GERMAN football may be flavour of the month but the Premier League remains by far the richest in the world and is only set to increase its dominance in the next few seasons, according to a new report.
The combined income of England’s top 20 clubs was £2.3bn (€2.9bn) for 2011-12, and is set to rocket through the £3bn mark for the first time during the next 12 months, says Deloitte’s Annual Review of Football Finance, which is published today.
That growth is largely due to the Premier League’s bumper new broadcast contracts, which take effect from August and are worth around £5.5bn over three years – an increase of more than 50 per cent on current deals.
Germany’s Bundesliga has grown in popularity and profile in recent years, and provided both of the Champions League finalists last month at Wembley, where Bayern Munich beat Borussia Dortmund.
It is the most profitable of Europe’s five major leagues – more than 50 per cent more so than its English counterpart – and boasts the highest average attendances by some distance. The German top-flight saw collective income increase seven per cent, compared to the Premier League’s four per cent, and has also renegotiated television contracts that will see its broadcast revenue rise around 50 per cent.
However, while the division’s relative growth compares well with the Premier League, in absolute terms the gap is set to grow wider and England’s financial dominance ever more pronounced.
“The Premier League remains the best league in the world – I honestly believe that – and I don’t think one all-German final changes that,” Dan Jones, partner in Deloitte’s sport business group, told City A.M.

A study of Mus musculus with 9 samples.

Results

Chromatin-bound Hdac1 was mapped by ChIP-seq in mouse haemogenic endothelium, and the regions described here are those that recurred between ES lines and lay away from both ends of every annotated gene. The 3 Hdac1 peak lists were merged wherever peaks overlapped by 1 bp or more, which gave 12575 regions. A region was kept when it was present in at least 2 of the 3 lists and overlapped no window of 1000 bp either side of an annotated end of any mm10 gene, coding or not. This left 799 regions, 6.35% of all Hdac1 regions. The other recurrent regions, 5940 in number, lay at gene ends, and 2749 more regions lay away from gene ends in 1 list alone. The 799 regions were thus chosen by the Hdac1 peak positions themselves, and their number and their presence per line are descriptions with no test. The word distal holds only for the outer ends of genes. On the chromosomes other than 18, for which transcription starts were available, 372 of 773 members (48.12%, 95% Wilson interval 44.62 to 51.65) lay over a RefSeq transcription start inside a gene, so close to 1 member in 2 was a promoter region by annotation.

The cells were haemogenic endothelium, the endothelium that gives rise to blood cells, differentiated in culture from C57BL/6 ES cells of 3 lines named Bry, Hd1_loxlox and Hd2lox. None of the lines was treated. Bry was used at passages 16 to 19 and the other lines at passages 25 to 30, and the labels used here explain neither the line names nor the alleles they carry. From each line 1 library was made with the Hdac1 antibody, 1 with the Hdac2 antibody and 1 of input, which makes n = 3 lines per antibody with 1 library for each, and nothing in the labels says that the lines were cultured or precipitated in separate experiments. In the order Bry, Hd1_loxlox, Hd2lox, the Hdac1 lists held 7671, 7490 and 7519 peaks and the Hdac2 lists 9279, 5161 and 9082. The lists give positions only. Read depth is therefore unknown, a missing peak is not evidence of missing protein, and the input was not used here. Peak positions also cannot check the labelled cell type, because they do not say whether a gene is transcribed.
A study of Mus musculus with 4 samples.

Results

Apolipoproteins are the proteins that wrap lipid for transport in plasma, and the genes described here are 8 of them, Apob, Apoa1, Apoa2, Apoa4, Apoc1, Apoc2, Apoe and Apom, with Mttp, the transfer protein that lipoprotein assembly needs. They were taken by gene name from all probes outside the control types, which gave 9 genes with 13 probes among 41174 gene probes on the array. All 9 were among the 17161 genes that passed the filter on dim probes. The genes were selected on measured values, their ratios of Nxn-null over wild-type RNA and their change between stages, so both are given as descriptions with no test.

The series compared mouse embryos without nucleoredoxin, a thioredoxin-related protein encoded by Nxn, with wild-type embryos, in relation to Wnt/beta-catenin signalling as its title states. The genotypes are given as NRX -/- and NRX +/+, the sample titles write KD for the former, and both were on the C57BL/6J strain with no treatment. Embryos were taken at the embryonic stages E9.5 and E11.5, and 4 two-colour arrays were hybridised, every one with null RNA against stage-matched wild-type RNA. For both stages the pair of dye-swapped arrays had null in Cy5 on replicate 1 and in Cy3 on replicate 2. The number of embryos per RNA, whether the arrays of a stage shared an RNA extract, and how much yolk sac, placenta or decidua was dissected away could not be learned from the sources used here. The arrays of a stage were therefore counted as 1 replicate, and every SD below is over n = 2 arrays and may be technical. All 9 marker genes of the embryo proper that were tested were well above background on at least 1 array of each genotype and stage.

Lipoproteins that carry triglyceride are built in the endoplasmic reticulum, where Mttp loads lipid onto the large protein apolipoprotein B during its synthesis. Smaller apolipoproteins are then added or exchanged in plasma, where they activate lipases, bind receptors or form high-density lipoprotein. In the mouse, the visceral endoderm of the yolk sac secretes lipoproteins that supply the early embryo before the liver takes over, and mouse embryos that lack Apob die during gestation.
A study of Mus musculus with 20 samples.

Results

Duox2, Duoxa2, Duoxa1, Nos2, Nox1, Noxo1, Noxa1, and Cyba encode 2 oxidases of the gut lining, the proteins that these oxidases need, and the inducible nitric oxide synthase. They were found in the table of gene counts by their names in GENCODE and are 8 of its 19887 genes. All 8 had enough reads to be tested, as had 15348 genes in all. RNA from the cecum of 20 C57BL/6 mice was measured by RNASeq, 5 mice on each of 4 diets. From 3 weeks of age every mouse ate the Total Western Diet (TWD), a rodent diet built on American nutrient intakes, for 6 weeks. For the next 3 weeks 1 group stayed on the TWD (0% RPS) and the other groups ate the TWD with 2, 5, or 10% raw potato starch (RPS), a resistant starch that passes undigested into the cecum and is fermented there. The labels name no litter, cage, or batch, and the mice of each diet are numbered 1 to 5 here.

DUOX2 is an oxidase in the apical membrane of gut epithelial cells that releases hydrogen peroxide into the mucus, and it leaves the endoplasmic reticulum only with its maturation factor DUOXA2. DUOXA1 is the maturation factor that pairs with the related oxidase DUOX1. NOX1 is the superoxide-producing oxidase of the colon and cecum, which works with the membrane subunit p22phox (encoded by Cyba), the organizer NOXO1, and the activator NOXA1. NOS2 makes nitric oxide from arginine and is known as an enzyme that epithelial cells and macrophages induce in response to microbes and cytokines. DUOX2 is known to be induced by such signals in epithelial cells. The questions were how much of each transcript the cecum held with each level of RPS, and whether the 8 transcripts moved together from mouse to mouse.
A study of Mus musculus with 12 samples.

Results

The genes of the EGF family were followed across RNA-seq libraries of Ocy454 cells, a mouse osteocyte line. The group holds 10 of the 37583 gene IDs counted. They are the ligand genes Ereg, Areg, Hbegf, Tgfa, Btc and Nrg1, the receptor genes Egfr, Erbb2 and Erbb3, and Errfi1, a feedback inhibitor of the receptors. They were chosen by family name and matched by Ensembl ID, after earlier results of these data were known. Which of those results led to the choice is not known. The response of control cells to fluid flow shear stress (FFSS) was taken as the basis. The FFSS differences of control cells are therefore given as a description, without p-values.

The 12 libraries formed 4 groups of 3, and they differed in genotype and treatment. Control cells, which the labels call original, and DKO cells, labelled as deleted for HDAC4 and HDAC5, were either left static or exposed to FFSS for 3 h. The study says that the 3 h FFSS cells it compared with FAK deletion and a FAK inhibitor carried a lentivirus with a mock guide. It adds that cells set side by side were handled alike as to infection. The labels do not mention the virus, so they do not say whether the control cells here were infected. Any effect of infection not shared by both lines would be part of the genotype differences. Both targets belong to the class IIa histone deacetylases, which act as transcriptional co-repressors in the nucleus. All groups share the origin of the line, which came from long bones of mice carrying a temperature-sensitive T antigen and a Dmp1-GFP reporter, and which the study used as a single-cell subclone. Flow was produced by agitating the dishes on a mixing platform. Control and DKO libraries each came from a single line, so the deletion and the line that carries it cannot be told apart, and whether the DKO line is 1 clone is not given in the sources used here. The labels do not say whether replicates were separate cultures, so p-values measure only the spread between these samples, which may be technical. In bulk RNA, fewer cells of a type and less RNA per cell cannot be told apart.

“The German model has huge strengths but it doesn’t enjoy the popularity that the Premier League does. We should take a more balanced view.
“Let’s not forget the two teams involved. One has risen from very difficult financial circumstances – Dortmund were in a parlous state a few years ago.
“But Bayern Munich are so dominant that they are like Celtic and Rangers rolled into one.”
The Premier League’s enduring popularity is highlighted by strong attendance figures. Stadium capacity utilisation has been above 90 per cent for 16 consecutive seasons and in 2011/12 reached a new high of 95 per cent.
Collective debt remained high at £2.4bn, but of that figure only £1bn was interest-bearing loans and interest payments fell 23 per cent to £79m.
English football’s resilience to the recession has surprised even Deloitte’s analysts, with Jones calling the continued growth “pretty remarkable”.
“Think about where we were when the wider economic downturn started,” he added.
“At that point [2009/10] it was a £2bn game; just four seasons down the track it’s going through £3bn.”
There remains considerable room for further growth, Jones believes. BT Sport’s emergence as a pay TV rival to Sky has the potential to create greater competition for rights and therefore even bigger domestic deals.
He also believes that international expansion – in the form of sponsorships, other commercial partnerships and overseas broadcast rights – presents the biggest opportunity for English clubs.
Premier League teams’ biggest challenge remains controlling wage costs, which have traditionally risen dramatically in line with increases in TV revenue – a phenomenon dubbed the “prune juice effect”. However, new so-called financial fair play (FFP) rules, both dictated by European chiefs Uefa and also England’s domestic leagues, offer clubs the opportunity to break the habit and curb salary spending.
The Premier League’s own version of FFP was only agreed by teams earlier this year but Uefa’s is already in operation, and Jones compares its impact to the Bosman ruling, which revolutionised the transfer system.
“Uefa FFP has the potential to be another Bosman,” he said.
“It is one of the most significant changes we’ve ever seen. We think the impact is very substantial. The Premier League’s own version is a lot more in its infancy.”